Charles Pettit McIlvaine was an Episcopal bishop, author, educator and twice Chaplain of the United States Senate. He was born in 1799 in Burlington, New Jersey. His father Joseph (later U.S. Senator from New Jersey) was of Scottish origin.
McIlvaine was educated at Burlington Academy and entered the College of New Jersey (later Princeton University), where he graduated in 1816, after being converted during a revival which took place while he was studying. The following year he entered the theological seminary attached to the First Presbyterian Church of Princeton, having felt called to minister in the Episcopal church, the church of his childhood, and was ordained a deacon in 1820 in Philadelphia. Soon after, he became rector of Christ Church in Georgetown, Washington, D.C. In 1822 he was appointed chaplain to the U.S. Senate, and in October of that year he married Emily Coxe.
From 1825 to 1827, McIlvaine served as chaplain and professor of ethics at the United States Military Academy at West Point, where his students included Robert E. Lee and Jefferson Davis. During his time there, he was instrumental in a revival among the cadets. In all his appointments in the Episcopal church, McIlvaine sought to counter the prevailing ‘high-church’ attitudes in the denomination and to shift the emphasis from ceremony and ritual to Scripture and personal salvation. His question to his ordinands was, ‘Have you fled to Christ and committed your soul to him as all your refuge and righteousness?’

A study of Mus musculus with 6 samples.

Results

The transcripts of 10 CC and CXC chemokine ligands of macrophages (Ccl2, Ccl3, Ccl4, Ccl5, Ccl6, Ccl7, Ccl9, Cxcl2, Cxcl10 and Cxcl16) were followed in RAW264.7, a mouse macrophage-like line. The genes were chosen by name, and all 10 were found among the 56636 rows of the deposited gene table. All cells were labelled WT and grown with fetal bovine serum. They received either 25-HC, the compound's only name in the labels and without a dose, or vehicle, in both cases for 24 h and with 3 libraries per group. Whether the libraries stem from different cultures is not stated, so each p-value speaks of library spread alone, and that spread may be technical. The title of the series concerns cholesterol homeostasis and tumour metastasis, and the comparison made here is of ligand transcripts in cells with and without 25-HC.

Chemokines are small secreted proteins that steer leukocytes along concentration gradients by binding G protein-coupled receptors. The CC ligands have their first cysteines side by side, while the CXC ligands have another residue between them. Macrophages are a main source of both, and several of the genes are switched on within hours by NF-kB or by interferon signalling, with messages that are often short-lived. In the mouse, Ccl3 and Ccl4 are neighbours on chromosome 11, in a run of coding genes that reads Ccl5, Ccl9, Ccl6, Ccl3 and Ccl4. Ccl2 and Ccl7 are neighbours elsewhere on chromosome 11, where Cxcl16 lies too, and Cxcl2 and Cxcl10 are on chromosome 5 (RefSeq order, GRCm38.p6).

In 1827 he accepted a call to St. Ann’s Church in Brooklyn, New York. In 1831 he was named Professor of the Evidences of Revealed Religion at the University of the City of New York. The following year he accepted a call from the Diocese of Ohio to become Bishop and soon began to reorganize Kenyon College in Gambier, Ohio, and its associated seminary, travelling to England to raise money for the seminary.
As Bishop of Ohio, McIlvaine proved a dynamic leader, preaching often, establishing parishes, supervising Kenyon College, writing theological papers and co-operating in gospel endeavours with Presbyterians and Methodists. He drew the line in co-operation, however, at the type of revivalism represented by Charles Finney. In this form of Protestantism he saw ‘the spirit of reckless innovation, contemptuous insubordination, formal fanaticism and fanatical informality’.
Already a prominent churchman and educator, McIlvaine also served his country as a diplomat. Shortly after the outbreak of the Civil War, President Lincoln asked him to go to England to argue against British recognition of the Confederacy. He often had coffee at Buckingham Palace, lunched with faculty members at Oxford, conversed with cabinet members, and influenced debate in the House of Commons.
McIlvaine died in Florence, Italy in March, 1873. His body, carried through England on its journey home to Ohio, was honoured for four days in Westminster Abbey. Apart from the ‘honorary’ American citizen, Sir Winston Churchill, McIlvaine was the only American to this day to lie-in-state at Westminster. His pall-bearers included the Earl of Shaftesbury, Benjamin Moxon (of the American Legation) and the Earl of Harrowby.
McIlvaine’s book Preaching Christ: The Heart of Gospel Ministry, is published by the Trust.